Beliefs and Expectations about Engineering Preparation Exhibited by High School STEM Teachers

By Nathan, Mitchell J.; Tran, Natalie A. et al. | Journal of Engineering Education, October 2010 | Go to article overview


Nathan, Mitchell J., Tran, Natalie A., Atwood, Amy K., Prevost, Amy, Phelps, L. Allen, Journal of Engineering Education


BACKGROUND

If we are to effect change in teacher practices and decision making regarding instruction, college preparation, and career success in engineering, then knowledge of teachers' beliefs and expectations about engineering needs to be understood.

PURPOSE (HYPOTHESIS)

The primary purpose was to develop a statistically reliable survey instrument to document teachers' beliefs and expectations about pre-college engineering instruction, college preparation, and career success in engineering, called the Engineering Education Beliefs and Expectations Instrument (EEBEI), and to compare teachers' views.

DESIGN/METHOD

Using two samples of teachers, EEBEI was established as a statistically reliable survey and was used to examine the beliefs and expectations of Project Lead the Way (PLTW) and non-PLTW teachers. The results were used to further examine teachers' decisions in advising fictional students (described in vignettes) with varying academic and socioeconomic profiles.

RESULTS

High school STEM teachers report their instruction was influenced by students' interests, family background, and prior academic achievement. Comparisons between PLTW and non-PLTW teachers revealed that non-PLTW teachers agreed more strongly that an engineer must demonstrate high scholastic achievement in math and science whereas PLTW teachers were more likely to report that science and math content was integrated into engineering activities. Although teachers report that students' socioeconomic status was not influential when asked explicitly, it did influence situated decision-making tasks using fictional student vignettes.

CONCLUSIONS

Findings address challenges of STEM integration and reveal conflicting purposes of K-12 engineering education as being for a select few or to promote technological literacy for all students, which affects recruitment, instruction, and assessment practices.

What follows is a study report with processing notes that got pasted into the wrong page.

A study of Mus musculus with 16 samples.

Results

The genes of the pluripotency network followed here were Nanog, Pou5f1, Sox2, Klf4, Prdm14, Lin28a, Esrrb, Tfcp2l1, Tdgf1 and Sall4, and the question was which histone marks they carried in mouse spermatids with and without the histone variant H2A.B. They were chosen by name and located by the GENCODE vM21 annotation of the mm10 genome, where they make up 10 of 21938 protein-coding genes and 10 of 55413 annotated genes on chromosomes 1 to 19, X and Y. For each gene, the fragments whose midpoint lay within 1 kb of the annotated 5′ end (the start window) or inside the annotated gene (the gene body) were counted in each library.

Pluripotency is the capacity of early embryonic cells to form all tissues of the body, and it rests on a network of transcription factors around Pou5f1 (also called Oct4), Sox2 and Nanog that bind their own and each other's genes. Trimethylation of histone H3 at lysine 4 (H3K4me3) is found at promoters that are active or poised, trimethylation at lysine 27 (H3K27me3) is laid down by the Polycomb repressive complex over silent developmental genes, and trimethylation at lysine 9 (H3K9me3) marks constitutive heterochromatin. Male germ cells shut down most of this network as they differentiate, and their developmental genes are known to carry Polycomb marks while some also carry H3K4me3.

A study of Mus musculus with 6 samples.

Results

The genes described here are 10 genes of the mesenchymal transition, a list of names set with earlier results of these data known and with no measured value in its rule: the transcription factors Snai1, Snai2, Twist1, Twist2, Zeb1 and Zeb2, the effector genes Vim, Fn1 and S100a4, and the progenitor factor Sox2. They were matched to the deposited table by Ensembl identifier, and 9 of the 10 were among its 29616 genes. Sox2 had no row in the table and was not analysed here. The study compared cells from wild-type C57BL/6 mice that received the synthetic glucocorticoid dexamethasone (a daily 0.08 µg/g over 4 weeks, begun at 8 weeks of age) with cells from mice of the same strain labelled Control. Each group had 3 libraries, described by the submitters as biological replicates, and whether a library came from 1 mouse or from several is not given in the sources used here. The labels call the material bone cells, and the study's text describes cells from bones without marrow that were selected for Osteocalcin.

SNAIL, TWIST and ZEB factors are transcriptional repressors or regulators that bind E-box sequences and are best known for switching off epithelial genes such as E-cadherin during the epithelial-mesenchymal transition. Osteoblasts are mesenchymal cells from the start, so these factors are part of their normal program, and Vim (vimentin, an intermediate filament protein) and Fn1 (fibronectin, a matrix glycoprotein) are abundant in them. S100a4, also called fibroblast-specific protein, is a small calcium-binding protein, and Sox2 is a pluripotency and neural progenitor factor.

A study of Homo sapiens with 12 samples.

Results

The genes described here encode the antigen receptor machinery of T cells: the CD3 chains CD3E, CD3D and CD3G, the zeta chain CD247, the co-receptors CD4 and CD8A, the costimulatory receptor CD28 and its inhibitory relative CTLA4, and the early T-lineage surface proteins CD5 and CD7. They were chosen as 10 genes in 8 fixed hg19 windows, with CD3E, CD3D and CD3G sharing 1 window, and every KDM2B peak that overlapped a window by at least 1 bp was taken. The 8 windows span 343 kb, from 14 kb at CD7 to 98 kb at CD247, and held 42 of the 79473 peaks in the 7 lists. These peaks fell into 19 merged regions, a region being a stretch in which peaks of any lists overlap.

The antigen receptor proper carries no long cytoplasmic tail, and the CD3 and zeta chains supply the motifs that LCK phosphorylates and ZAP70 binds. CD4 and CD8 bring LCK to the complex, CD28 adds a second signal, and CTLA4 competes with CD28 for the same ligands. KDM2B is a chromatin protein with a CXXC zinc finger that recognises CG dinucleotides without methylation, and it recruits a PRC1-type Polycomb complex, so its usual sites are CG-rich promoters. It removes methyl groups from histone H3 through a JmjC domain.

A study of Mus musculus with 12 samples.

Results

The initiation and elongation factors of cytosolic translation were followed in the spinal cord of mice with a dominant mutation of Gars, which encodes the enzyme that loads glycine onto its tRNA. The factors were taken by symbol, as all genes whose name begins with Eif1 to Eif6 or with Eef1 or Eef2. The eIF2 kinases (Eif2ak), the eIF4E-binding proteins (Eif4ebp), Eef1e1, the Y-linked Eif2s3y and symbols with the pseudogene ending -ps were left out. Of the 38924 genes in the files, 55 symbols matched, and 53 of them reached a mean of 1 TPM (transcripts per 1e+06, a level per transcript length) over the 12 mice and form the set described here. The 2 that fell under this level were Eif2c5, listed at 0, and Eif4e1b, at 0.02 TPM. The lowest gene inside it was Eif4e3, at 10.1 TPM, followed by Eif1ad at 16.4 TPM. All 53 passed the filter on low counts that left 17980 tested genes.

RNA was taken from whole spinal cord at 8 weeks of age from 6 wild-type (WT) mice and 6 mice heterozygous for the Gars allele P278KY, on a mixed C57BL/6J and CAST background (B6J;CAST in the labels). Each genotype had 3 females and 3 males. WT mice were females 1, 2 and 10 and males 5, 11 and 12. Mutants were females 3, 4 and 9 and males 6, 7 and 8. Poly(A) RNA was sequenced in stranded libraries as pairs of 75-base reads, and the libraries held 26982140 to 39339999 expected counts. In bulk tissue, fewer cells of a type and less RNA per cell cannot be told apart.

KEYWORDS

K-12 engineering education, STEM, teacher beliefs

I. INTRODUCTION

Education research shows that instructional practice and teacher decision making are influenced by teachers' beliefs about learning and instruction (Brophy and Good, 1974; Deemer, 2004; Grossman, 1990; Nathan and Koedinger, 200Ob; Rosenthal and Jacobson, 1968). Furthermore, the educational experience for students is dependent on the quality and effectiveness of teachers, more than perhaps any other single alterable factor (Leinhardt and Greeno, 1986; Nye, Konstantopoulos, and Hedges, 2004; Rowan, 2004). This study has three central goals. First, to develop a statistically reliable survey instrument that documents teachers' beliefs and expectations about pre-college engineering instruction and preparation for students' access to college engineering programs and future career success in engineering. We call this general survey the Engineering Education Beliefs and Expectations Instrument (EEBEI, pronounced "eebee"). Second, to measure and interpret teachers' views using EEBEI, as well as to identify differences that may exist among teachers with different training and program objectives. Third, to examine teachers' decisions in advising fictional students (described in vignettes) with varying achievement, gender, ethnic, and socioeconomic profiles.

To frame this work, we first review some of the prior research on teacher beliefs more broadly and then we review research specifically related to engineering education. We next lay out our research goals and describe the analytic methods used to address them. We report results from our initial administration of the EEBEI showing it to be a statistically reliable instrument for assessing STEM (science, technology, engineering, and mathematics) teachers' beliefs about engineering education and preparation, and confirm these findings with a second sample of teachers. We also show that the EEBEI can detect differences in the beliefs and expectations exhibited by high school teachers of college preparatory mathematics and science courses when compared to technical education teachers using the Project Lead the Way (PLTW) pre-college engineering curriculum.